This was first published as a tribute to my Uncle Bill on Memorial Day in 2011, and I decided to repost it today on Veterans Day as a tribute to Uncle Bill, and all the brave men and women who have served in the Armed Forces of the United States. Thank you, all.
Every country has its own traditions for honoring those who serve in the military. For the United States of America, we have two major days to honor these men and women. Veterans Day, and Memorial Day.
Today is Memorial Day. A day when our country honors those who have served and fallen, and those who continue to serve in our Armed Forces.
I decided to tell this story of my Uncle, Bill Jones, as a tribute to him, and also as a tribute to all the men and women who have served in all the branches of service.
Uncle Bill was my dad's older brother. He was about 9 years older than dad. He enlisted in the Navy during World War II and served on a submarine. I don't know a lot of details about Uncle Bill because he died when I was 2 years old, but I will tell you the story I know:
Uncle Bill was young when he enlisted, about 20 years old. He was assigned to serve on a submarine early in the war. And the submarine he served on had an important mission: to sneak into Tokyo Bay and prepare for an attack by the US, by sending information back about fortifications in the bay. Let me add that the US was still reeling from the attack on Pearl Harbor and the feeling of vulnerability it gave our country. So this daring plan came about as a way of showing the enemy that we could also hit them at home.
Tokyo Bay was filled with underwater mines. But Uncle Bill's ship did sneak in. And while it sat on the bottom of Tokyo Bay, Uncle Bill had an appendicitis attack. It was serious enough that he required surgery. Right there in a submarine sitting on the bottom of Tokyo Bay.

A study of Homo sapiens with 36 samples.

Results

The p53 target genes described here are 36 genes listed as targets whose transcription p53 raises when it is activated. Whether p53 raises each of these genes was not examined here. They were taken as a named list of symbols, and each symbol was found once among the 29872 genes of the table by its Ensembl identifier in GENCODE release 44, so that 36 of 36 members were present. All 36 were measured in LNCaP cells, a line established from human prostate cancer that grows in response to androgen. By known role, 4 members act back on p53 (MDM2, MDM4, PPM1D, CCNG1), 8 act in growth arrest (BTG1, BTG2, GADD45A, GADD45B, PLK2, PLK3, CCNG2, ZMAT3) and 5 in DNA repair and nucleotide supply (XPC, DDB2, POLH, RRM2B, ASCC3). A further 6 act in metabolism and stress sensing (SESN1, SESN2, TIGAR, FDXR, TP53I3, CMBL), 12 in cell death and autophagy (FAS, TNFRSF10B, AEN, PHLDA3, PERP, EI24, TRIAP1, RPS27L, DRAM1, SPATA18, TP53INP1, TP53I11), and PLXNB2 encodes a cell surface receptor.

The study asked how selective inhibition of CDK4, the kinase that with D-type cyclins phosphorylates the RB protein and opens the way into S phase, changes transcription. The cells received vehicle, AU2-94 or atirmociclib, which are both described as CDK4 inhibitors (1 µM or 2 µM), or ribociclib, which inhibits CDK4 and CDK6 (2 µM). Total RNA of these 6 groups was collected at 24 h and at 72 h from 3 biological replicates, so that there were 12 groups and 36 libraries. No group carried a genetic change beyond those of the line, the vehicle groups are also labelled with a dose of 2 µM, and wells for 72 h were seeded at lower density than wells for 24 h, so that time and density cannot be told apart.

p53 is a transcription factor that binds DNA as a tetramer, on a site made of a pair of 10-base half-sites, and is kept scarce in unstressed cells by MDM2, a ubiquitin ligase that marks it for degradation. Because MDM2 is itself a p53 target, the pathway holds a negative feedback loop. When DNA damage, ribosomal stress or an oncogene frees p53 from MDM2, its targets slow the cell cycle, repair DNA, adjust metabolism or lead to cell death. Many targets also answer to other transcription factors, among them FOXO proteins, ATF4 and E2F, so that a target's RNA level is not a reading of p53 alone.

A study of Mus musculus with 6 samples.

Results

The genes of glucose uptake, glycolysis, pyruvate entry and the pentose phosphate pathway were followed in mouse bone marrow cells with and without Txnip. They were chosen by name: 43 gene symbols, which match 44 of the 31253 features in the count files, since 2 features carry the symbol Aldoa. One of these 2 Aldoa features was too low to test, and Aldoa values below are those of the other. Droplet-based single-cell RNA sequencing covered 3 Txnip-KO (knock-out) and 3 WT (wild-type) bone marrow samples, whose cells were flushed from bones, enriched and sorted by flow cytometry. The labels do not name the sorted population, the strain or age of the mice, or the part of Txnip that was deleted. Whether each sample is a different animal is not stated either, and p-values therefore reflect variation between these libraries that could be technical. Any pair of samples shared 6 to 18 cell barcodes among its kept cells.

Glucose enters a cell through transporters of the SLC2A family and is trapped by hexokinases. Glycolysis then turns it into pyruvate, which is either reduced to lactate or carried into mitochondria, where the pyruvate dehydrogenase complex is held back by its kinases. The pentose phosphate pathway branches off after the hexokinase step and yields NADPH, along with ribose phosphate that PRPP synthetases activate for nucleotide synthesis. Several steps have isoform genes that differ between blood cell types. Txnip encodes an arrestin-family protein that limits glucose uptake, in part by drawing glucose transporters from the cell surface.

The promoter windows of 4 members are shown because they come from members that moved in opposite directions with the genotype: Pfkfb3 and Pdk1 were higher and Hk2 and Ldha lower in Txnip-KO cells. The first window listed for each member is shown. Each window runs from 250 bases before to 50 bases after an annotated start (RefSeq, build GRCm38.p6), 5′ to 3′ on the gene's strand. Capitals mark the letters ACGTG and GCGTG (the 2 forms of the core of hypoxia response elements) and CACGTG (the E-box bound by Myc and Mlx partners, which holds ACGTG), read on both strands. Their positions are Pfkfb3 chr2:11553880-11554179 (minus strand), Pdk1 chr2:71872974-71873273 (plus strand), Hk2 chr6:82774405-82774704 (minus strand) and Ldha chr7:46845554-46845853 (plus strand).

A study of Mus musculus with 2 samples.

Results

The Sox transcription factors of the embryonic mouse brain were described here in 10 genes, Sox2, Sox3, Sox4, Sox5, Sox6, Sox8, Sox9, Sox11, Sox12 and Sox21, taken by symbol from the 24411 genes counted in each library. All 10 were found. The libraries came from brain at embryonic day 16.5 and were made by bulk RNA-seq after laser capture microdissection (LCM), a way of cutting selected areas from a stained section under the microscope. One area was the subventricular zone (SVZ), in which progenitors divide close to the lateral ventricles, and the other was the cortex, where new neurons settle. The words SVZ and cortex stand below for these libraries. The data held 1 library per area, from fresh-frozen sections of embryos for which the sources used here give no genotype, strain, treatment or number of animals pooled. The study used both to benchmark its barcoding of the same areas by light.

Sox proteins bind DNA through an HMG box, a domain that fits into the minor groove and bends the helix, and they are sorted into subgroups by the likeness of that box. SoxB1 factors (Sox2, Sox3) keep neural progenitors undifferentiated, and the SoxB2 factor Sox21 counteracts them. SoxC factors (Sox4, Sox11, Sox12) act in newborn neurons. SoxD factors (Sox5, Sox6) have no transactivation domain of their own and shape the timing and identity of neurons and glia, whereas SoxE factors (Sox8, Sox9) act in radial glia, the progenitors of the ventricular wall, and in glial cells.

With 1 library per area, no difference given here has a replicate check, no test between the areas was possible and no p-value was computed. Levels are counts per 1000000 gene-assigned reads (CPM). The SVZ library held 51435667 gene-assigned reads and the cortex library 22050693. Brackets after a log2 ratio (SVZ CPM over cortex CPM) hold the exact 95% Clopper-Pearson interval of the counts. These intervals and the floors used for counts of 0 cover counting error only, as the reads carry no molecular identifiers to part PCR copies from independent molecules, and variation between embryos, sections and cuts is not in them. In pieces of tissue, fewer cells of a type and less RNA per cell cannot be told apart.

There were two problems: No surgeon on board (not even a doctor) and no medical supplies beyond the most basic kind. I guess the thinking at the time was that if a submarine got hit, it was going to go down, and there wouldn't be much need for a doc or medical supplies at the bottom of the ocean.
What they had on board was someone with the rough equivalent of a medic's training. And a medical book that gave information that could be used. (Sort of a do-it-yourself appendectomy book.)
So the medic (or pseudosurgeon) took kitchen utensils (knives and spoons), and had them modified by a machinist on board, and operated on Uncle Bill using basic anesthesia.
Uncle Bill survived. He also survived World War II.
Hollywood incorporated his story into the movie "Destination Tokyo" with Cary Grant and John Garfield. They called my Uncle Bill to Hollywood as an advisor on the film.
How do I know all this? Because I had a Grammy who loved to tell her granddaughter stories. I listened to the stories and was amazed at them. When Grammy told me this one, she also showed me the newspaper clipping about it, and I remember seeing the photo of Uncle Bill standing with some other people on the movie set. And I have something that was with Uncle Bill while he served:
So every Memorial Day, I spend a few moments saying a prayer for the safety of those serving. And I remember the story of Uncle Bill and the submarine.
I also think of all the families who wait at home for the return of their loved ones. And of all the loved ones who will never return. Men and women who have given the ultimate sacrifice for their country.
|grammy and uncle bill|
How did my Grammy manage to get through World War II knowing she had a child on a submarine somewhere in the South Pacific? She crocheted. Bedspreads and tablecloths. With a tiny crochet hook and delicate cotton thread, she worked her worries into works of art. I have one of the tablecloths she did. My baby sister has a bedspread. So for me, that tablecloth is a link to Grammy and how the mothers and wives and sisters and daughters waited and worried and prayed.
God Bless them all. And God Bless America.